A lot of energy-efficiency mavens love to hate windows. I think they’re wrong to do so. I understand the disdain, though, especially in light of a long history of pretty outlandish claims by window manufacturers and contractors about the likely energy savings of windows. Sorry, in most homes you won’t be anywhere near 50%. (Thankfully, the FTC has been cracking down on this in recent years.)
But let’s separate the windows from the hucksters who hype them. In a high-performing building enclosure, you can’t ignore windows. Windows can have a significant impact on energy use. In cooling climates, solar gain through windows can be the biggest energy driver. Very importantly, they also impact comfort.
That’s a big reason home performance contractors can’t ignore windows. As you insulate and air-seal a home, energy-use should decrease. That’s a good thing. But you can also concentrate comfort problems. In winter, poor window performance that was previously masked by dumping a lot of heat into a space can become a bigger comfort issue when we stop sending all that heat. Yes, there are ways to address this with zoning—but that’s not cheap, and with forced air systems it isn’t very practical. And it’s not sufficiently effective and it is hard for zoning to respond quickly enough to changing infiltration as wind ebbs and flows.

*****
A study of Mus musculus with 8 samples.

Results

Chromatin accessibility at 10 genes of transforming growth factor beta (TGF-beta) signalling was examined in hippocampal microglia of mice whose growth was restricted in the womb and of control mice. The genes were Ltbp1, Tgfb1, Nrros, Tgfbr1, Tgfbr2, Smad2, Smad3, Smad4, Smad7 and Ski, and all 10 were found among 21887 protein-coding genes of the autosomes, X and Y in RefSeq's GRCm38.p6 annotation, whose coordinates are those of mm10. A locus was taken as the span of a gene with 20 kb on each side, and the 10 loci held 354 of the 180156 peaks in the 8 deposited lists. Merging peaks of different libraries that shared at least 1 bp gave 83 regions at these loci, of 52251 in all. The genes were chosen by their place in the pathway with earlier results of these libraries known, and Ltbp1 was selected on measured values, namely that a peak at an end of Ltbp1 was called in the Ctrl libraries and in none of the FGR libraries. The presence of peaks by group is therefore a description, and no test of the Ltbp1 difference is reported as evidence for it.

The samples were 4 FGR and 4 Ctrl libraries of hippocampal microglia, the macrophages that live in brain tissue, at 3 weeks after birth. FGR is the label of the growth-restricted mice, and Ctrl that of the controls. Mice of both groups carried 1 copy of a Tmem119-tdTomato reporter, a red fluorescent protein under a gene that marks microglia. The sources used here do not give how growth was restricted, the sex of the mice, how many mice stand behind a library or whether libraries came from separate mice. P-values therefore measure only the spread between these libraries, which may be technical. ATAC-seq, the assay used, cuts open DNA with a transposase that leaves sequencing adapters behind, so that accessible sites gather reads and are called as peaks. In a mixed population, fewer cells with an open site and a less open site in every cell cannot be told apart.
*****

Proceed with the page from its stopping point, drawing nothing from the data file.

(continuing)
Improved windows, installed well, not only improve comfort, but also provide UV protection for furnishings, reduce noise transmission from the outside. And more.
Windows can provide benefits that people are looking for. They can save some energy, too.
Windows also provide a benefit home performance contractors are looking for—leads. Homeowners often start their search for comfort—and even for energy-efficiency with windows. That search can be an opportunity for you to deliver so much more, but only if you’re there to engage the homeowner during the search. This is a big deal. Those of you pay attention to things like SEO and Google Adwords might have noted that there are as many as 400 consumer searches for “Replacement windows” for every “Home Performance” search.
Even if windows are the last thing a window-shopping potential customer needs, you’ll never have the chance to tell them that or provide them with other energy efficiency measures if you don’t offer a solution for their windows!
The leads you generate by marketing windows can frequently turn into bigger home performance projects through an in-home educational process. And even if the homeowner only opts for windows this go around, you gain a customer that you can revisit again with other solutions—and generate some revenue in the meantime.
I’ll never encourage you to oversell the energy-savings benefits of windows. But that doesn’t mean windows don’t provide real benefits to your customers and to you.